Last night while sitting in my studio I found myself thinking about how my adult life is a lot like kindergarten.

I have only a few specific memories of my Montessori kindergarten, which coincidentally is more or less down the block from our present-day house.

(One is of my refusing to partake in nap time, instead preferring to gossip with the teachers about their social lives. Oh, five-year-old me, always the middle-aged adult.)

The only classroom memory that really sticks out has a lot to do with the Montessori method of pedagogy, which is basically to let kids loose in an environment with a number of potential learning activities to discover things for themselves. Our room had a number of low shelves on the wall with different sorts of things – blocks or puzzles or dioramas, and we could pick up whatever suited us.

In my memory, I picked up a small model of a mountain and an accompanying lake. I’m not sure what I was supposed to do with it or learn from it … maybe something about evaporation or the source of rivers or glaciers? Clearly it didn’t make a huge impact.

What did make an impact is essentially, “WTF, what a weird thing to play with as a kindergartner.”

(We also learned about fractions by slicing apples at lunch, which I then declined to eat because they had already begun to oxidize. Oh, five-year-old me, always the fussy one.)

Fast forward to modern me sitting in my recording studio. It’s not just a studio, really, but our converted attic which serves as studio, gear depot, and hang-out lounge. There’s a lot to do there. I could mix our newly-recorded vocals on the Arcati Crisis EP. I could rearrange my pedals to work on a new signal chain. I could make more lead sheets for Smash Fantastic. Or, I could just play music on an number of guitars, basses, or keyboards.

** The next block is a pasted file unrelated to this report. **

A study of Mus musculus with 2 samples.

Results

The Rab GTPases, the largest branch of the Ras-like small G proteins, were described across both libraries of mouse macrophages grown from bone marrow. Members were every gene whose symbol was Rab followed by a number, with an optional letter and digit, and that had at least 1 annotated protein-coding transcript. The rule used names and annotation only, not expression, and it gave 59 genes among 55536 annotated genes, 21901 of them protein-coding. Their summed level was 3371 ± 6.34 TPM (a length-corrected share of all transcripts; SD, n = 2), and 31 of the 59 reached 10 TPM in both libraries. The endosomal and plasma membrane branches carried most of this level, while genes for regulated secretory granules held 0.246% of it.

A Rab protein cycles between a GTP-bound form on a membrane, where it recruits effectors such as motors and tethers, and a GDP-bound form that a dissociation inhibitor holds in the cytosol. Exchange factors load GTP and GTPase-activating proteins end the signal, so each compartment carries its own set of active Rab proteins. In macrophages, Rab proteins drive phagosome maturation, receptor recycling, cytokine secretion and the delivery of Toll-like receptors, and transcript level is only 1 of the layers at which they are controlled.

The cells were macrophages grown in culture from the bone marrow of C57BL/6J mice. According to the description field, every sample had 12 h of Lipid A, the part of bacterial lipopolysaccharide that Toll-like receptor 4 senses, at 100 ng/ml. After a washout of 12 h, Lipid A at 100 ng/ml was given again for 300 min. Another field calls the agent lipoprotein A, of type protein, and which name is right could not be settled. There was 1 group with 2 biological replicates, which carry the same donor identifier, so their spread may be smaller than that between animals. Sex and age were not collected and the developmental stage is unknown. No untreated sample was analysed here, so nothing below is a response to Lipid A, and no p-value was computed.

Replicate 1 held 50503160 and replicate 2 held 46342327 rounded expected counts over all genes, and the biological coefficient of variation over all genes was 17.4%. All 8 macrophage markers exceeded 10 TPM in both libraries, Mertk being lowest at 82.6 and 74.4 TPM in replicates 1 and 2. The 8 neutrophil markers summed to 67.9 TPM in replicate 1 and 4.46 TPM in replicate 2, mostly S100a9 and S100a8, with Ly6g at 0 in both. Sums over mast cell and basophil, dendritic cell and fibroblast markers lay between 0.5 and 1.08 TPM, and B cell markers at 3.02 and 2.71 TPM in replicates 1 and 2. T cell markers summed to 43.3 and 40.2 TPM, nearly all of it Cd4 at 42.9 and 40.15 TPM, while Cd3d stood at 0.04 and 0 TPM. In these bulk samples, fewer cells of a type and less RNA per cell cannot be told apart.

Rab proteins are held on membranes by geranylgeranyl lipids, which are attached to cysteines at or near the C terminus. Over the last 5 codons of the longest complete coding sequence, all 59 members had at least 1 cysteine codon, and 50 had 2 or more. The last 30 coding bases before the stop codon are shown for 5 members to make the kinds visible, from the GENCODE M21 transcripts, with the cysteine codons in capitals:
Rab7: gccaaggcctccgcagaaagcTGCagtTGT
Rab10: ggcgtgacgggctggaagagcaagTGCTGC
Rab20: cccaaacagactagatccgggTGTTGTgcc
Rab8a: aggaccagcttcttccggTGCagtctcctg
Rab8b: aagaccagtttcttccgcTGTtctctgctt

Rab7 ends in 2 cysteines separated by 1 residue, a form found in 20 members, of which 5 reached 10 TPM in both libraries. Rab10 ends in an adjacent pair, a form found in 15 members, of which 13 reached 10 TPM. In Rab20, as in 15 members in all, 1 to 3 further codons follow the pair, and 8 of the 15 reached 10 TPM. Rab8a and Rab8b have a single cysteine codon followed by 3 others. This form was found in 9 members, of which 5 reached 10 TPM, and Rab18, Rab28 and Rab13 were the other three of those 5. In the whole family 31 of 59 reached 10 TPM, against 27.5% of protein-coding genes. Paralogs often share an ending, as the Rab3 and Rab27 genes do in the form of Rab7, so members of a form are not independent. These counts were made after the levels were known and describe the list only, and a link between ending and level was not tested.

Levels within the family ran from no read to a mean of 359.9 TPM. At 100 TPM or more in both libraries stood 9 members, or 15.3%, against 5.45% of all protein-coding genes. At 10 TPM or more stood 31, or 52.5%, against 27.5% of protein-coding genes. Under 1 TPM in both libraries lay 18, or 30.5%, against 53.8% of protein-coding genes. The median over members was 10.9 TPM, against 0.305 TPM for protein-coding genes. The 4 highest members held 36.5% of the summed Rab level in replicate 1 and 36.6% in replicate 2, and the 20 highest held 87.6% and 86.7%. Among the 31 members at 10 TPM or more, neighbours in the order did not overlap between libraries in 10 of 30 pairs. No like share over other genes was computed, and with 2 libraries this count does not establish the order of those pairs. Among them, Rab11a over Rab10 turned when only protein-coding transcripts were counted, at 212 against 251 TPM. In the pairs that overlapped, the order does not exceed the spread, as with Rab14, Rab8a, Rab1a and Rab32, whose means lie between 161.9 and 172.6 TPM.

I decided to rehearse to my vocal warmups and then make some new playlists for my commute. Afterwards, I moved onto other open activity rooms like my office and the kitchen.

That’s my whole life right now. Once I get home from work and fulfill a few basic needs like laundry or grocery shopping I’m free to play. I’m still roaming from room to room, picking up new things and learning about them, then working with them for a certain amount of time.

That’s just my nature. Or, is it my “nuture”? It looks a lot like the model of my two years of Montessori schooling. Now my interests are a little more specialized – I still don’t know too much about mountains or rivers, but I know a lot more about words and music.

I’ve been learning and schooling and rehearsing all this time just to get back to what my days were like at age five, when all I wanted to do at age five was grow up.